Duo: Drama vs Comedy

Few Forensicators are fortunate enough to have Duo divided into Humorous and Dramatic categories.  A majority of you will have to decide between Comedy or Drama for your piece.  Why Duo does not separate the two genres is mind-boggling.  To rank competitors in two enormously varied genres of performance seems cruel.  Regardless, you will be forced to weigh the pros and cons and decide.  

One of the first questions you should ask is what genre you are drawn to.  Then, find a Duo partner who feels the same.  Truly ask yourself what focus of discipline, Dramatic or Comedic, you want to master.  Are you more comfortable discussing heavy topics seriously or playfully?  Do you have the timing for Comedy?  Do you possess the intensity for Drama?  Do you prefer to laugh or be moody?  Which genre would help you grow more as an actor?  What genre are you and your partner best suited for based on how you interact?  Why do you want to do either genre?  If you are leaning towards Comedy or Drama only because that is what is popular in your area then you are choosing a genre unwisely.  Do what the Duo wants, or you both might become miserable and risk your performance.   

As you contemplate a Dramatic or Comedic Duo there are a few considerations to be made.  Be aware that both Comedy and Drama essentially do the same thing if they are great stories: discuss a serious issue, albeit with totally different methods.  Obviously, Drama is more serious in tone while Comedy uses humor to answer questions.  That said, there are definite pros and cons to either genre. 

Comedy will allow for greater use of timing (a talent more instinctive than taught), physicality (slap stick for instance or fast blocking), and exaggeration (bigger facials/vocals/etc.).  If you can get the laugh (definitely easier to say than do) you might have more of a chance of being remembered as well.  People love to smile and laugh, so your Duo could also easily become a crowd favorite.  And while you create laughter you do so while maintaining some reality, for the greatest comedians know that while one can be silly there must always be an anchor to the serious so the audience can relate.  Keep in mind though that earning laughter is challenging, exhausting work.  Also, finding the balance between clown and poignant is not as easy as one might think.  

Drama will test your range in a somber manner.  There may be some jokes, but mostly the Duo will be serious so use of variation becomes critical to avoid boredom.  You get to act more realistically as well.  Blocking is easier because there is less movement.  You will be able to deliver that intense speech you have always dreamed of.  And audiences relish at watching a well-done Dramatic dialogue.  Further, audiences connect to a Dramatic persona with ease because of the nature of Drama being realistic and more "like us."  Remember though that Dramas are viewed with a very critical eye.  Acting is always subjective, but your great speech can be torn apart.  Also, if a Drama becomes too heavy and clunky from lack of energy than you might look into the audience and see yawns.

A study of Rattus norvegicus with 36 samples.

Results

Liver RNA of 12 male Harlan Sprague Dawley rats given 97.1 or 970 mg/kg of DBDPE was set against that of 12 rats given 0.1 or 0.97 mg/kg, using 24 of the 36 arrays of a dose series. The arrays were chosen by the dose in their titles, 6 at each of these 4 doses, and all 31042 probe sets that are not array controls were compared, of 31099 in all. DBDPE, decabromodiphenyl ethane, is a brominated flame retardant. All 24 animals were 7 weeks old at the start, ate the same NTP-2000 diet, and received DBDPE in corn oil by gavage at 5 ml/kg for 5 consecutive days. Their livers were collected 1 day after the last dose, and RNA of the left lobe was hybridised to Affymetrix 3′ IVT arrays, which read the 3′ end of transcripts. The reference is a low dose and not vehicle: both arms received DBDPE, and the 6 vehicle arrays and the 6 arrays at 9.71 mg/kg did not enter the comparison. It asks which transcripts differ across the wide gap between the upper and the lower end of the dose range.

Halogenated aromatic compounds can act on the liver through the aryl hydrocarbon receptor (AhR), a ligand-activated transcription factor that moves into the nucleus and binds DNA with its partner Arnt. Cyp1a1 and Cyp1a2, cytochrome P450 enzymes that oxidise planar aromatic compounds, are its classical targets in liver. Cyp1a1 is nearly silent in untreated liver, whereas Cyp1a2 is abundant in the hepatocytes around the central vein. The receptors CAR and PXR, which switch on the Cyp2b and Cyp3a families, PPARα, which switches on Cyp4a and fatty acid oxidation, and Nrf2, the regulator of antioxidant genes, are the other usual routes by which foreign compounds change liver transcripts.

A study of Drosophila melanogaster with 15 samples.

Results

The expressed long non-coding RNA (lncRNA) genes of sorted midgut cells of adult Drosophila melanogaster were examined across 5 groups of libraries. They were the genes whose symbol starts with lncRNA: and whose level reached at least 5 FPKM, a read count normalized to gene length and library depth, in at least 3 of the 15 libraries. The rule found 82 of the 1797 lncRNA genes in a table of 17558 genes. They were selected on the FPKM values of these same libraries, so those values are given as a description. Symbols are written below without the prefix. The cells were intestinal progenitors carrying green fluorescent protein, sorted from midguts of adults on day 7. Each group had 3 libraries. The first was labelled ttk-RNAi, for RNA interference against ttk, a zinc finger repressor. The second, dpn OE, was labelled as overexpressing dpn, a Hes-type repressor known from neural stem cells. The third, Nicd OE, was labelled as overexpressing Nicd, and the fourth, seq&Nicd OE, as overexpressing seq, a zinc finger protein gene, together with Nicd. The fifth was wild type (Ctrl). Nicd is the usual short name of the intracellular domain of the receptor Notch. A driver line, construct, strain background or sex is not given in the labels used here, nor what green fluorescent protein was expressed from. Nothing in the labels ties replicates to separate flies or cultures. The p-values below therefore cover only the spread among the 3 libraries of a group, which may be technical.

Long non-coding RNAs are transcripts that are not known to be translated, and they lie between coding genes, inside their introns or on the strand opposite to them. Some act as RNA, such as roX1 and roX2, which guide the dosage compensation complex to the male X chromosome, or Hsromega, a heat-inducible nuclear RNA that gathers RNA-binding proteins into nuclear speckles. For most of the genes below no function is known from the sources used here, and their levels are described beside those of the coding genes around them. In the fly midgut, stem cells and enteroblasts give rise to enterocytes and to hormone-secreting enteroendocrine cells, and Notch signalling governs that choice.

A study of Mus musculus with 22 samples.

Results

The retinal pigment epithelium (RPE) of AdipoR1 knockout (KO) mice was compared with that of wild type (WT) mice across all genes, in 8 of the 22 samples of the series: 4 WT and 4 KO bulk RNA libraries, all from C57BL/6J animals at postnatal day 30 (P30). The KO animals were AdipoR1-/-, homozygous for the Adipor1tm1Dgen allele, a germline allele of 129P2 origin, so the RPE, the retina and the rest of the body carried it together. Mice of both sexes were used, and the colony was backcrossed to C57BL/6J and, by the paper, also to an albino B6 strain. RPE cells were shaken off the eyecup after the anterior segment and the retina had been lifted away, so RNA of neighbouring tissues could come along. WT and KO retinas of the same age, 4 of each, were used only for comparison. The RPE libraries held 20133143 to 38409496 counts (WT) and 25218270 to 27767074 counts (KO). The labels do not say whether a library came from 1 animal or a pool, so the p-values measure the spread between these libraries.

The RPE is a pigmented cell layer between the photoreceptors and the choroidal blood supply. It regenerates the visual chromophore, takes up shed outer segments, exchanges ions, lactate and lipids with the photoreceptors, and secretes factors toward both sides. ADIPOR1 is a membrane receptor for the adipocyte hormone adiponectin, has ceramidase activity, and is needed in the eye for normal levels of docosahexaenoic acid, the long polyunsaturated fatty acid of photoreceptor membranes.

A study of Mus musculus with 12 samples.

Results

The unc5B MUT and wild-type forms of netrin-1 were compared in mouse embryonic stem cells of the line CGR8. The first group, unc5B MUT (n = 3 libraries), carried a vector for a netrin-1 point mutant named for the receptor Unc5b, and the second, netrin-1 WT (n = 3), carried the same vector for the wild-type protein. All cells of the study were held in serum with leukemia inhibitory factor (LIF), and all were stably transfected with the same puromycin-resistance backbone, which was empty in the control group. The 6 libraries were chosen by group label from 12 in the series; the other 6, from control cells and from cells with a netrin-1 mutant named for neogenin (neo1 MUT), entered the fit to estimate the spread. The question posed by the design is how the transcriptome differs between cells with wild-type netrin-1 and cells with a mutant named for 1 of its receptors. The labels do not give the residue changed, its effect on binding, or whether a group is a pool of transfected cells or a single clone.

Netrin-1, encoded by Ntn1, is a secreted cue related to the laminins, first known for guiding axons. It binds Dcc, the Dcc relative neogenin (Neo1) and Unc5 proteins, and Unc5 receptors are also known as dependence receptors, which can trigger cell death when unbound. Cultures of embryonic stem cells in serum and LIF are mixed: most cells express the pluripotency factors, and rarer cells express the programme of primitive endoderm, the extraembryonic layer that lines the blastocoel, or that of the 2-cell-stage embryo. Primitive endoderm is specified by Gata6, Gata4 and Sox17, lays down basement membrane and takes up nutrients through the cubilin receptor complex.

An important note: Dramatic Duos are often taken more seriously (sorry for the pun) than Comedic ones.  For some reason Drama is considered a higher form of art than Comedy.  That is a research paper in itself, but it is suffice to say that if you choose a Dramatic Duo that you will have the privilege of weighing in on the subconscious (or not!) thought that Drama is better.  A high number of Duos are Dramas as well, thus the Comedies are like the black sheep of Duo.  The stigma that Drama is harder than Comedy is depressing at best, but you cannot change theatrical mythology overnight.  Be warned, if you select a Comedic Duo you may face the brunt of this Drama Vs Comedy being better/harder debate and lose to Dramas.  

Whichever genre your Duo decides the most important thing to remember is to choose a good script that fits the Duo.  Analyze the text thoroughly, interpret, and begin the rehearsal process of honestly performing the script.  It's rough that Drama and Comedy are lumped into one category when they so clearly are entirely different.  A Drama and Comedy might both discuss the matter of love and proposing, but when one uses heartfelt words and another is a ridiculous marriage proposal gone wrong, then you know deciding which genre to choose requires contemplation.  Ask what you and your Duo partner would prefer, mull over the pros and cons, and decide if your Duo will be the next Al Pacino/Robert DeNiro pair or the new Gene Wilder/Richard Pryor.